Government of Canada Intervention to the 68th Session of the UNHCR Executive Committee
Thank you Madam Chair,
The global community’s shared responsibility for international protection is at the core of why we are here. Today, I will focus my comments on our shared commitments to refugees, support for UNHCR’s protection mandate, and expanding third-country solutions.
The 1951 Refugee Convention and its 1967 Protocol provide the foundation of the refugee regime. Canada reiterates its call for all countries to accede to the Convention and to fully implement it.
The adoption of the New York Declaration reaffirmed the international community’s legal obligations and shared commitments to refugees. We resolved to find new ways of working together toward greater responsibility sharing and international cooperation for refugee responses. Canada is pleased to recognize the leadership and progress of those countries applying the Comprehensive Refugee Response Framework, and of UNHCR in steering the development of the Global Compact on Refugees. We look forward to the lessons learned to inform practical and concrete measures for future implementation through the Compact’s Programme of Action.
Canada firmly supports UNHCR’s unique protection mandate, and values the Agency’s role in providing guidance on protection for refugees and other people in need of protection. Recognizing that displacement happens along a continuum, we note the leadership role of UNHCR in coordinating protection during complex humanitarian emergencies. We call on UNHCR to mobilize networks to implement effective approaches to protection in countries of origin, such as through multi-stakeholder strategies of advocacy, early warning, and community-based protection programming. Further, we encourage UNHCR to ensure the protection needs of women, men, boys and girls are addressed throughout its programming and all stages of response, taking into account the differentiated nature of these needs. This includes increased opportunities for education, self-reliance and empowerment.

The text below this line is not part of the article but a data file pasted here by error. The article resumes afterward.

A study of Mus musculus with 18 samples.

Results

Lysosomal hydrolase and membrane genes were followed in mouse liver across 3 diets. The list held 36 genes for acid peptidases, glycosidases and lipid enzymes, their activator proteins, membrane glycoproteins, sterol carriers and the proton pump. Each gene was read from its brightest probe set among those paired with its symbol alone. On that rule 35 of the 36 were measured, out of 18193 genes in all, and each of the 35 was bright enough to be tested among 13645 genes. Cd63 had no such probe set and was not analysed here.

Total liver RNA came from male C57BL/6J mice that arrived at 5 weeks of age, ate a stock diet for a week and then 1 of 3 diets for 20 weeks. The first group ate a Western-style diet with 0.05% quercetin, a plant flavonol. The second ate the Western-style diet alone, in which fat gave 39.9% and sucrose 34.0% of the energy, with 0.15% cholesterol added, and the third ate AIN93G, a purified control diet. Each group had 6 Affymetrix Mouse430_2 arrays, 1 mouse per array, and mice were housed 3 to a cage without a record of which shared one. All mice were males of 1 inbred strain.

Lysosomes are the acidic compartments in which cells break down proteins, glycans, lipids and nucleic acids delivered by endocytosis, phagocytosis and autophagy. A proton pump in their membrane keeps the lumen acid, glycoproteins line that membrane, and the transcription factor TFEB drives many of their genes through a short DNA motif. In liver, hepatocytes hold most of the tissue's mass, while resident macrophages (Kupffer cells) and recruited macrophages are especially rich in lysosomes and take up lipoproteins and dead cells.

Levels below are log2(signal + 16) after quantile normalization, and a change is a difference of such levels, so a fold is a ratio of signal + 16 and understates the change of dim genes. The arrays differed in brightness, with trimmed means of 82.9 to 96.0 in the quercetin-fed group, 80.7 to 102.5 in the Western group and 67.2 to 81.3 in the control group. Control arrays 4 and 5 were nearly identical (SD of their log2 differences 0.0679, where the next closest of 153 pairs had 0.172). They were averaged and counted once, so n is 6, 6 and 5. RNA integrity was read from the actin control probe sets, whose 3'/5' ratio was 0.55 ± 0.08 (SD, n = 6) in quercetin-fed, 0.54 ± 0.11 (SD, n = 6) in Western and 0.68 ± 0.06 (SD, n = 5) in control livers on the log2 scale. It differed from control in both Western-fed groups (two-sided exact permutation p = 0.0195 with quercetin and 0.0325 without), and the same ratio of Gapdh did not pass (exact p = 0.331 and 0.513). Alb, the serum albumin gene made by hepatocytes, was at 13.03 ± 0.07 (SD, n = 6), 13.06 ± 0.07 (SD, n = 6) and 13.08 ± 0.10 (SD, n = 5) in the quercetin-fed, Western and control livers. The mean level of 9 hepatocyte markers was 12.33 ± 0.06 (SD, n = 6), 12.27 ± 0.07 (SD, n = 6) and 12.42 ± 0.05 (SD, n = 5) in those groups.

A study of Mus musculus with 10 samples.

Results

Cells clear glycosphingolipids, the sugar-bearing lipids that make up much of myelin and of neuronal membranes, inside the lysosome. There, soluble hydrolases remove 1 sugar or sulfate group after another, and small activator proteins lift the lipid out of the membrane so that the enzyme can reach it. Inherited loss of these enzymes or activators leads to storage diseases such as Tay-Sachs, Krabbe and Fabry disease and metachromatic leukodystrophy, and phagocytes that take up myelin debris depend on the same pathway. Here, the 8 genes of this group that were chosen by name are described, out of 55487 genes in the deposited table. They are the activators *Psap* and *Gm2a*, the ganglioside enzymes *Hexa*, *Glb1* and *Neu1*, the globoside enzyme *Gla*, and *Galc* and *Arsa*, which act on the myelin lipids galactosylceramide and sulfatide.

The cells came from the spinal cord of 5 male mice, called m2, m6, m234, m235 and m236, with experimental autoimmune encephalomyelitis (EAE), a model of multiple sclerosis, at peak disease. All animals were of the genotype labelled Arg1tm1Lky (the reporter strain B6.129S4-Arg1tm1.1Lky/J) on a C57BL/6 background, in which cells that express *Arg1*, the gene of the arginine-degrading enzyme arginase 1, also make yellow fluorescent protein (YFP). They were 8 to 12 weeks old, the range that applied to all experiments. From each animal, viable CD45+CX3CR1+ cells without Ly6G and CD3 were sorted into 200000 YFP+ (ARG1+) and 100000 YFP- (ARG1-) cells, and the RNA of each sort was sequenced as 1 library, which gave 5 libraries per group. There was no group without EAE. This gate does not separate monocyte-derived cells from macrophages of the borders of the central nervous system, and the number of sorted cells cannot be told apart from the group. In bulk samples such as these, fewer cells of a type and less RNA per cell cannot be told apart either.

Canada also encourages UNHCR’s engagement in the process to develop the Global Compact on Safe, Regular, and Orderly Migration, particularly on issues within the Agency’s established experience and competence. We welcome UNHCR’s reflections on issues requiring coherence and complementarity between the two Compacts.
The New York Declaration commits states to increase third country solutions to meet the urgent protection needs of refugees and achieve greater international responsibility sharing. In the face of a staggering shortfall of resettlement spaces globally, establishing and growing traditional resettlement programs, community sponsorship models, and complementary pathways is more important than ever, particularly where durable solutions are not evident. Canada appeals to states, UNHCR and other partners to work together to build capacity for these pathways. We stand ready to support countries with an interest in exploring community-based refugee sponsorship programs, refugee integration programming, and whole-of-society engagement.
Canada remains committed to doing its part through historically high resettlement levels. In 2016, Canada resettled more than 46,000 refugees. Our planned admission of 25,000 resettled refugees in 2017 remains among the highest in Canada’s history and will more than double our 2015 target. Beyond this, we will continue to work with other states, including emerging resettlement states, to cooperate for the strategic use of resettlement as an element of refugee responses, and to consider multi-year commitments that are flexible in emerging situations.
In closing Madam Chair,
Canada appeals to the global community to uphold people-centered, inclusive approaches to international protection, and to see the overwhelming disadvantages in containment and exclusionary measures. This is a time to reaffirm our common humanity and the obligations we all share in protecting universal human rights. In fulfilling such obligations, we unlock significant human potential and build greater stability and social cohesion globally.
This Committee has a particular responsibility to provide authoritative guidance on international protection. We look forward to a constructive and forward-looking debate during this session.